Repeal May Not Be End of Story for Online Gaming in D.C.
On February 7, 2012, the D.C. Council voted 10-2 to repeal the city’s iGaming program, which would have made the District of Columbia the first U.S. jurisdiction to permit the playing of online poker for money.
In April 2011, the District had become the first U.S. jurisdiction to enact a law that permitted online poker wagering. The amendment was part of a larger budget bill passed by the D.C. Council in December 2010 and was enacted after passing through Congress unblocked.
The process by which the bill was approved drew fire from many critics, who said that many council members didn’t know that they were voting to approve online poker when they voted for the budget bill, nor were most city residents informed about the bill.
Those procedural concerns played a major role in the repeal. On February 1, 2012, however, the Council’s Committee on Finance and Revenue voted 3-2 to repeal the bill, sending it to the full council for a repeal vote. Council Chairman Kwame Brown asked that the repeal bill be placed on the legislative agenda for a quick vote, which occurred on February 7. Mayor Vincent Gray had formerly indicated that he thought the iGaming program had been given a proper vetting before passage but changed his mind in favor of repeal this week.
The law would have allowed anyone over the age of 19 who registers on the site and is physically located in the District to play from a verified IP address. Players would not have been allowed to wager more than $250 a week.
One major hurdle the law faced was the belief of some lawmakers that intrastate online gaming was forbidden under the federal Wire Act. D.C. Attorney General Irvin Nathan testified in a hearing last June that in his opinion the iGaming law would be legal under federal law if the District stuck to its plan of implementation. In December, the Department of Justice issued an opinion stating that intrastate online gaming was in fact legal under federal law.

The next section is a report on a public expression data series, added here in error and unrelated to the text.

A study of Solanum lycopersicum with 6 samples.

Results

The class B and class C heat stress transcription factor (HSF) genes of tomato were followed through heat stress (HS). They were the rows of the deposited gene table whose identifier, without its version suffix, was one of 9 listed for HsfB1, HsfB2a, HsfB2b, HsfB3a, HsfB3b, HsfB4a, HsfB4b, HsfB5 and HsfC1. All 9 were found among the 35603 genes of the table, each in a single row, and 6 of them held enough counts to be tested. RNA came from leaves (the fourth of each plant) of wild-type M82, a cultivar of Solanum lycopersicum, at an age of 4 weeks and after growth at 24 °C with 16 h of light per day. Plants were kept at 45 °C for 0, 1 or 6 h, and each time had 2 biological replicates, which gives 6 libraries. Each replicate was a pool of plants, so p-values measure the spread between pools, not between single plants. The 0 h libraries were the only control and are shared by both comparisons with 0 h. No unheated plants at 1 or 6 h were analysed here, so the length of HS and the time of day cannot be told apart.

Economic projections from the city’s finance officials projected that iGaming would have brought in about $13.1 million in revenue through September 2015. The District is required by Congress to balance its spending three years into the future, and that $13.1 million has already been used in the city’s future financial planning. Now city lawmakers will have to find $13.1 million in new revenue or spending cuts to account for the lost revenue from iGaming.
Previously, Council Member Michael Brown, who spearheaded efforts to bring iGaming to D.C., said that if the iGaming bill was repealed that he would reintroduce a stand-alone bill to revive the program. A spokesman for Mayor Gray said that he is “not necessarily opposed” to the Council taking up new legislation authorizing Internet gambling. Other council members have indicated that they are open to further exploring online gaming if it is introduced in a standalone bill.
It is unfortunate that the bill to allow the District to become the first U.S. jurisdiction to legalize online gaming was repealed before any games were even played. We hope that the bill is reintroduced with a more transparent process. Given the potential to generate revenue for the city and the support that existed among many city residents, this is an issue that the Council should continue to explore.